Bernie Sanders Looks To Reform The Democratic Party, As An Independent

Dec 2, 2016

Sen. Bernie Sanders says he will remain an independent member of the U.S. Senate even as he works to reform the Democratic Party.

And he says there's no question that the party needs to implement major changes if it hopes to be successful in the future.

During a political career in Vermont that spans more than 40 years, Bernie Sanders has run as an independent candidate.

The only exceptions were two bids for statewide office in the 1970s, when Sanders ran as a candidate of the Liberty Union Party.

When Sanders came to Bear Pond Books in Montpelier on Nov. 22 to promote his new book, Our Revolution, I had a chance to talk to him about his efforts to reform the Democratic Party.

He has been named to a leadership position in the Senate Democratic Caucus — he will serve as "the Director of Outreach" — and part of his job will be to encourage Democrats across the country to embrace the message of economic insecurity that was a prominent part of his presidential campaign.

I asked Sanders if it's a bit ironic that he's working to transform the Democratic Party when he's not a member of it.

“Yes it is, it is a little bit odd,” he said. “I am an independent. I'm proud that Vermonters have elected me — mayor of Burlington, congressman, senator — as an independent, and I remain an independent."

"It's not just the loss of the White House — it is the loss of the Senate, it is the loss of the House of Representatives, it is the loss of some two thirds of statehouses throughout this country." — Sen. Bernie Sanders

And did Sanders ever imagine that he would be in a position to try to dramatically change the agenda of one of the country's two major political parties?

“Not in a million years.”

Sanders believes that the problems facing the Democratic Party exist at virtually every level of government.

“Because it's not just the loss of the White House — it is the loss of the Senate, it is the loss of the House of Representatives, it is the loss of some two thirds of Statehouses throughout this country,” he says. “And Democrats have got to ask themselves some hard questions: Why is that happening, how do we go forward?"

Sanders says he's taking on this role because of his concerns about many of the policies of President-elect Donald Trump.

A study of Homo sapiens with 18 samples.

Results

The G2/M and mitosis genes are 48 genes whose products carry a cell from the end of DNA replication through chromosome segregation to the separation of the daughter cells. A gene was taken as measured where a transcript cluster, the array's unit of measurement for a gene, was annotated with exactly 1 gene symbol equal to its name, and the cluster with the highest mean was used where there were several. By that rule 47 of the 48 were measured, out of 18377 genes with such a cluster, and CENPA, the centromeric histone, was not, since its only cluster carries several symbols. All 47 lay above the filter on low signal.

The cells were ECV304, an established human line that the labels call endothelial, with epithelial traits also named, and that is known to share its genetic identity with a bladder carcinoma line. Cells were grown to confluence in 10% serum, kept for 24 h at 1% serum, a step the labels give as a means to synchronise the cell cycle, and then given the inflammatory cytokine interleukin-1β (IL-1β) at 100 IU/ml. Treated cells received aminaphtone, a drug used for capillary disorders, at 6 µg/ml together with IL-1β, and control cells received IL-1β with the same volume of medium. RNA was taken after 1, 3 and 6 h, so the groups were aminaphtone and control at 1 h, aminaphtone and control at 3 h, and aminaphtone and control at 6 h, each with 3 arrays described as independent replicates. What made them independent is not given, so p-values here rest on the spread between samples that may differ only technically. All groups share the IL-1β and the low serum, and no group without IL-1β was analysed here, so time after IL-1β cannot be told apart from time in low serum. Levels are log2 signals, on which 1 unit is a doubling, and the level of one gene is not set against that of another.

“The circumstances facing this country are so dire. Just the objective economic and climate change problems that we have, and the political problems that the Democratic Party is facing, and especially with Trump coming into office, I think it's imperative that all of us work hard to bring about fundamental change in how the Democratic Party functions,” he says.

Garrison Nelson is a political science professor at UVM. He's known Sanders for more than 30 years.

Nelson says it's critical that an outsider like Sanders be the one who tries to reform the Democratic Party.

"The party is basically beholden to its old folks here, and I think Bernie, who has been able to connect with the millennials, has a lot more juice and a lot more relevance." — Garrison Nelson, UVM political science professor

“The party is basically beholden to its old folks here, and I think Bernie, who has been able to connect with the millennials, has a lot more juice and a lot more relevance than some of the people who are talking about reforming it now,” Nelson says.

And Nelson thinks that Sanders realizes that he needs to be part of major political party if he hopes to affect change in this country.

“Bernie has done the third-party route and he knows it's a loser,” Nelson says. “I mean, the system is rigged against third parties … So this is the right move for him, and the fact that he remains an independent actually enhances his credibility rather than diminishes it."

Matt Dickinson, a political science professor at Middlebury College, says Sanders' strong presidential bid puts him in the position to be a leading critic of President-elect Trump.

“He, for better or worse, now bears the burden of responsibility for voicing the concerns of a significant portion of the Democratic electorate,” Dickinson says. “And of course the stakes are magnified when the opposition party controls not just the House and the Senate, but also the presidency."   

And Dickinson thinks Sanders' effort to transform the Democratic Party shows that Sanders can be a pragmatic politician.

“It does no good here to be a purist, but remain on the sidelines and [fight] the good fight for all that is pure and good in politics. Instead, he's decided to get his hands dirty with people that he might not have wanted to work with before, but he's got his eye on the bigger picture here, and it's the maturing of a politician, I think."

Sanders is also strongly backing the candidacy of Minnesota Rep. Keith Ellison to be the next chairman of the Democratic National Committee.